Learn from each project with a Mad Sad Glad retrospective

Learn from each project with a Mad Sad Glad retrospective

It may remind you of kindergarten flashcards, but the Mad Sad Glad retrospective is a simple and effective tool for looking back at a recently finished project or sprint and find ways to improve the next one. If you mastered kindergarten, you’ll be able to get this one down in no time.

Unlike the Start Stop Continue retrospective or the Keep Problem Try retrospective, the Mad Sad Glad retrospective brings feelings and a level of personality to the process that you don’t always see in the office. While all three retrospectives may seem to have some similarities, as we dive deeper into Mad Sad Glad, you’ll easily see what sets it apart from the rest. Let’s get going!

Mad Glad Sad

Using the Cacoo template, your team will look back on the sprint or project that you’ve all just finished together. The gist of this exercise is that you will all find points of the process that made you (individually or as a team) mad, sad, or glad.

  • Mad — This category includes instances that made you irritated or frustrated, including those eye-rolling and forehead-slapping moments.
  • Sad — This category includes examples of when you were disappointed or let down; think of the events that maybe made you need a deep breath.
  • Glad — The category includes any success along the way, no matter how small: When did you celebrate or what things might have pleasantly surprised you?

Getting started

Now that you have your Cacoo template ready and everyone knows what each of the categories represents, make sure your team is all well-notified about the retrospective meeting and the process. This will give them some time to start preparing instances that they would place under each category.

As the manager, you can either facilitate this meeting in person or virtually. Fortunately, Cacoo allows all team members to edit together in real-time.

Brainstorming

Gather your team and make sure you have a safe environment. Having a cold or threatening environment could chill speech and stop the meeting from being as productive as it could be.

Since everyone has already had the chance to come up with some examples on their own, you can either facilitate by going around and letting everyone name one thing on their list at a time until everyone is out of ideas, or you can allow everyone to fill in their lists within the categories in the template on their own. This will let you move straight to the voting and discussion steps.

Grouping

Are any of the suggestions exactly the same or extremely similar? Eliminate one or combine them into one point! This process is called grouping and it helps a lot with cutting out the clutter. It also gives the team an opportunity to conduct some preliminary discussions about each other’s suggestions.

Voting

Now that you’re down to the more generalized points with no repeats, your team votes on which points that remain within each category are the most important.

You can really make this step whatever you want it to be, since there are so many styles of voting. Every member can have ten votes and can dot vote by using their ten votes on whichever ten ideas they find to be the most important (they can even place all ten on the same note if it’s REALLY integral to them). You can allow everyone a single vote. You can give everyone a yes/no vote on each suggestion.

After the voting process, you can either address everything that received a vote, only keep the top five to ten from each category, etc. Again, there’s a lot of personalization that you can do with this step to fit your team and your budgeted time most appropriately.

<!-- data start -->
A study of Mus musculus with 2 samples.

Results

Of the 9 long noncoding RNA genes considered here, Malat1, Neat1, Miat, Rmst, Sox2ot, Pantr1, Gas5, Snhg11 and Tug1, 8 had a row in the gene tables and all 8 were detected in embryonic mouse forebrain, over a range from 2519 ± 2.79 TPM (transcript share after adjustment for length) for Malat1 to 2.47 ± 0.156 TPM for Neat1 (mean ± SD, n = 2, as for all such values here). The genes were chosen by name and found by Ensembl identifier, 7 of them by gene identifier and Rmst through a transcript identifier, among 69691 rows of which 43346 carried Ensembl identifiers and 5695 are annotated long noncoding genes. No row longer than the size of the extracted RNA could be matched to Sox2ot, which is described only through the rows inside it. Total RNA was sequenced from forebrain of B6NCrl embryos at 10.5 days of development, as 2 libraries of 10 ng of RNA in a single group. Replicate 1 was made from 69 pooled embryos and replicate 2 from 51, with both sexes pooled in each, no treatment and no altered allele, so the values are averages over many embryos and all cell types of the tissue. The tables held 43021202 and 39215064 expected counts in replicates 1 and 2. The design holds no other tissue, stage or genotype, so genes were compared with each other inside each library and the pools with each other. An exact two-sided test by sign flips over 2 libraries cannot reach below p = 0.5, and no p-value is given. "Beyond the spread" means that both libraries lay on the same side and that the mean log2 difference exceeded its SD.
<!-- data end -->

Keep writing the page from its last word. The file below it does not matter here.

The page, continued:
Discussing

Now is the time to really get in the weeds. However many suggestions you decided to keep after the last step, now is when you’ll really dive in.

Go through each issue, category by category. What caused this event? Is there something we could do to fix it or replicate it? Make sure not to single any one person out while going through this step. It can be easy to accidentally attack someone’s performance or work ethic if you aren’t being careful.

Make sure to give each issue adequate time. You’ll probably want to aim for about five to ten minutes for each note. But, make sure not to let time limit you if the team is having a beneficial discussion. The whole point of the retrospective is to bring about those discussions — you don’t want to cut them short for the sake of following a schedule.

Acting on discussion

Come up with at least one or two actionable items for each suggestion on the list, no matter which category it fell under. You can even place one team member in charge of doing follow-up work and research to make sure all of this great work doesn’t fall by the wayside as you move into your next project.

Final thoughts

People may have told you to keep feelings out of the office, but the Mad Sad Glad retrospective has shown you that there’s a time and place to be able to bring your feelings up to help your entire team. It’s always possible that they’ve had the same feelings about particular events but never felt like there was a time or place to bring it up.

Mad Sad Glad not only gives you a chance to express those feelings, it’ll improve how your projects are conducted in the future.

Even though it allows room for a lot of customization, maybe Mad Sad Glad just isn’t for you: You can also check out some of the other retrospective templates that Cacoo offers to see what works best for your team.

After your next project, try Mad Sad Glad and see how it fits your team!

Lauren Grabau Lauren Grabau is a globetrotting copywriter providing SEO web content, puns, and a keen eye for spelling wherever she can. She's probably currently planning her next trip or lost on a long walk.